Monday, March 08, 2004

Martha Stewart, I presume?

The movie Something's Gotta Give is my second favorite Jack Nicholson movie since As Good As It Gets (there are others but they quickly disappear in the background in light of these two movies). There's a very good chemistry between the two mature leads, something you rarely see in the new lead actors and actresses these days. The story opens with successful record studio producer, Harry Sanborn (Jack Nicholson), giving us a low-down on women and his accomplishments with them. He's then seen driving with a young and gorgeous Marin (Amanda Peet) by his side on their way to a secluded beach house in the Hamptons. Enter Marin's mom Erica Barry (Diane Keaton), a divorced successful playwright, who discovers a complete stranger scavenging their fridge in his underwear. After a round of quick explanations and apologies they finally agreed to share the house that weekend along with Erica's sister Zoe (Frances McDormand). Things started to turn a tad interesting after Harry suffers a mild coronary prior to his intended dalliance with Marin. He was brought to the hospital where a young doctor named Julian Mercer (Keanu Reeves) meets and falls for the much older Erica. He also advises Harry to either stay put in the hospital or stay somewhere near while he's put observation. During his forced stay at the Barry beach house, he discovers that Erica is not as uptight as she first made herself to be and Erica gets over his garish, immature ways and sees a sensitive, solicitous side to him. In between these discoveries, Julian tries his best to woo his dear playwright with smooth talks and lavish praises.

Eventually they fall in love for the first time in many years (she after 20 years and the first time for him). The delighted Marin breaks up with him to give way to her mother. Harry warns her though that there is a chance of him returning to his old ways after this affair, Erica nods in affirmation but hopes against hope that she has changed his mind and would consider monogamy. After Harry was well enough to travel back to the city and to his work, Erica was also called by her devastated daughter to the city to meet her ex-husband Dave's (Paul Michael Glaser) fiancée. In that meeting at the restaurant, she also discovers by accident Harry and his new young date. Devastated she confronts Harry, pours out her broken heart to him and retires back to the Hamptons to finish her play. After a series of attacks he slowed down and thought about his ways before deciding to set things right and go for what really matters the most in life.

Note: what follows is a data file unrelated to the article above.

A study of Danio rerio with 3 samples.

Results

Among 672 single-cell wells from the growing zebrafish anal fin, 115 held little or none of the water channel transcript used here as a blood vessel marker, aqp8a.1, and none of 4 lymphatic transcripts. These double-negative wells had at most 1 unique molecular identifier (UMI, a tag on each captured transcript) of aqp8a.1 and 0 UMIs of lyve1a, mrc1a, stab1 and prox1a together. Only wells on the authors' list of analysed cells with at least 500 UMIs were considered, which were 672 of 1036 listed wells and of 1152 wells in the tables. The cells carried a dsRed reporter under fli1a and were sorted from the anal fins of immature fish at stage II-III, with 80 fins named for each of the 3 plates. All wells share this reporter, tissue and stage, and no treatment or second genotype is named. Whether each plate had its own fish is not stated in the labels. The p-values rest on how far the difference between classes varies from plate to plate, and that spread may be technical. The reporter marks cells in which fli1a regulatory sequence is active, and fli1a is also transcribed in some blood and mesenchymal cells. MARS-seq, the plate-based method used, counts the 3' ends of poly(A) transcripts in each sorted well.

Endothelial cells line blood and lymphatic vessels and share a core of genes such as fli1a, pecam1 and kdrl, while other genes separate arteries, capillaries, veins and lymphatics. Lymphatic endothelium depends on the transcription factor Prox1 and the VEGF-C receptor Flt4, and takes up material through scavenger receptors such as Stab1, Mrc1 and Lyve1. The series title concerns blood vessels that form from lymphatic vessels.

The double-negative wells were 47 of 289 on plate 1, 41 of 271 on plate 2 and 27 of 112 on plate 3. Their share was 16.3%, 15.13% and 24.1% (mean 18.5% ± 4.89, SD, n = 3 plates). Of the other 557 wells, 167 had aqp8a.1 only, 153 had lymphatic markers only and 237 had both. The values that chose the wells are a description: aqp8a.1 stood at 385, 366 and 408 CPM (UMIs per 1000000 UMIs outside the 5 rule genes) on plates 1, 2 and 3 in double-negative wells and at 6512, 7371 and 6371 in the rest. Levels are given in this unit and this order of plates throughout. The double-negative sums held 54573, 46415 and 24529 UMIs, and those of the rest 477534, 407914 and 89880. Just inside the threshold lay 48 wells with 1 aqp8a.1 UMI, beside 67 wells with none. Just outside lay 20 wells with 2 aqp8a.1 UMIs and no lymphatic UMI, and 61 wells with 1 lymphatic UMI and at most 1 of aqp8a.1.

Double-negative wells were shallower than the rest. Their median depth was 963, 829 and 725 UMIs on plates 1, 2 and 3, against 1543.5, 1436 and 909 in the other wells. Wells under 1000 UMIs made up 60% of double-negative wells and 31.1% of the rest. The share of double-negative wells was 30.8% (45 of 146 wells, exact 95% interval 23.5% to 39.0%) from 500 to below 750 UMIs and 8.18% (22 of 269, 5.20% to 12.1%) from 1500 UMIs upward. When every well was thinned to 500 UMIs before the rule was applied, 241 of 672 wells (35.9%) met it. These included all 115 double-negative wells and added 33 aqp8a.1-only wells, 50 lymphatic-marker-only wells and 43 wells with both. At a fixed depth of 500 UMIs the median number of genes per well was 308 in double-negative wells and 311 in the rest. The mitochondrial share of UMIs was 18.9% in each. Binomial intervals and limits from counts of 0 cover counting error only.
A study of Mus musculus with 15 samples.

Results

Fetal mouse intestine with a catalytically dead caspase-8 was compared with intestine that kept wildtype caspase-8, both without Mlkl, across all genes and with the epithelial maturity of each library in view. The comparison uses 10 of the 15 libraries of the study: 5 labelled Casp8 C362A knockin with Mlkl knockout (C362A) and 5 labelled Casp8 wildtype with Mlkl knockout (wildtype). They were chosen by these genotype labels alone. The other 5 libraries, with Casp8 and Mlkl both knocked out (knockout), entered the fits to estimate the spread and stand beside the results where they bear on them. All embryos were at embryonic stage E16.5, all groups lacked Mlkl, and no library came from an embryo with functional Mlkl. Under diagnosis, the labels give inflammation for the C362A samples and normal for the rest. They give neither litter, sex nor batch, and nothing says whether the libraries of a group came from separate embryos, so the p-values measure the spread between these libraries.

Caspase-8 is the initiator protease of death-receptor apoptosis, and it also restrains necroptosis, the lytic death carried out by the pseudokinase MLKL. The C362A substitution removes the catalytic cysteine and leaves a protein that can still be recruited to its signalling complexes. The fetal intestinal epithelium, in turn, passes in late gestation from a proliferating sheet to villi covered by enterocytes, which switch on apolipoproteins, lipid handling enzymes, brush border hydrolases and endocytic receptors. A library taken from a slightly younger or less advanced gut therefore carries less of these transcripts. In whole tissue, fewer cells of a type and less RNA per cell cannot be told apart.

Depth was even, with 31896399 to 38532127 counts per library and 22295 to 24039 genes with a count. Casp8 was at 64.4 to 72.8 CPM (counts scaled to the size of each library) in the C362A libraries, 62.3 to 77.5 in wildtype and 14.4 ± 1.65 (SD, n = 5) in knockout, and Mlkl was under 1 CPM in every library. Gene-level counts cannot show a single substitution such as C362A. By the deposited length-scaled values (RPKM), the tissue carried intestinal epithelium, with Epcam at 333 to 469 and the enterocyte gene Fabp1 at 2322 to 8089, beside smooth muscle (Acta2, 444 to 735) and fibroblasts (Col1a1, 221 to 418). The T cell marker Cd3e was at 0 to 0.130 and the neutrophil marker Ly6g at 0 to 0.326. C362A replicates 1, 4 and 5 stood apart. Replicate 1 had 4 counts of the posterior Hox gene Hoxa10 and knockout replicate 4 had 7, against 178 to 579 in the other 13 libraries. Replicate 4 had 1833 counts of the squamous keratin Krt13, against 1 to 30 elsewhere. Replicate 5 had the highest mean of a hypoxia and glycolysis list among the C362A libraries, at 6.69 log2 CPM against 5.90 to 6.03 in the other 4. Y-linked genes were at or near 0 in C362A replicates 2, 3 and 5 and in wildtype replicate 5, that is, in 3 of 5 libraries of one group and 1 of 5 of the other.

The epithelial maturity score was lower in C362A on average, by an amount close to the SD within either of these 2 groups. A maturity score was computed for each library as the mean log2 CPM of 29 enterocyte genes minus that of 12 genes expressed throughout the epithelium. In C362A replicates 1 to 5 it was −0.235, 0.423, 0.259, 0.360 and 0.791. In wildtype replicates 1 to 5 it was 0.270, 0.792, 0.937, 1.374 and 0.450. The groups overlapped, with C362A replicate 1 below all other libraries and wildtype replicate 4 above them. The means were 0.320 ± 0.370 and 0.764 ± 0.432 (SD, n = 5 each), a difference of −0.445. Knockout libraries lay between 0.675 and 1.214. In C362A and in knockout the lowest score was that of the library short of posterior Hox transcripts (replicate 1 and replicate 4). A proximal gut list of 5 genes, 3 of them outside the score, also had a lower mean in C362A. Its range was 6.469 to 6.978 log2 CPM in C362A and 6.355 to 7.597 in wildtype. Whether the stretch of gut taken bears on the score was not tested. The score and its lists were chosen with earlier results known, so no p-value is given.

This is one of the best romantic comedies I've ever watched. In some ways I can relate to all the characters' common dilemma: their insecurity with being in love. Diane Keaton's character's dressed all in white, hides in a white house, and surrounds herself with most things white before she fell for Harry. She covered most of her body prompting Harry to ask her, "What's with the turtlenecks? It's the middle of summer!" This obviously translates to her uptightness. She's an ice queen that's why she's wearing white. She covers her body with turtleneck sweaters, long skirts, and jackets because she feels that nobody's attracted to her. While Harry covers his insecurities with his inimitable charm, by drowning himself with work, endless parties, fast-paced lifestyle, and seducing young women. He feels that he has to always prove himself to feel a hint of worth. Marin has been burned by the divorce of her parents so she thinks that if she commits she will be hurt again and Julian looks up to older people for the maturity he thinks people his age lack.

Erica's advice to her daughter rings true, part of it asks something like, "What are you waiting for? Don't be afraid to love." The words rang with wisdom and courage coming from someone whose heart was broken more badly by someone she met recently than by her divorce to a man she spent decades with. It may also be a timely advice to a lot of us, especially me. What am I waiting for? The right person of course. I'm also heartened by the idea that long after one gives up on the idea of ever finding that special someone, you will eventually find true love in the unlikeliest persons, in the unlikeliest of places, and in the unlikeliest of times.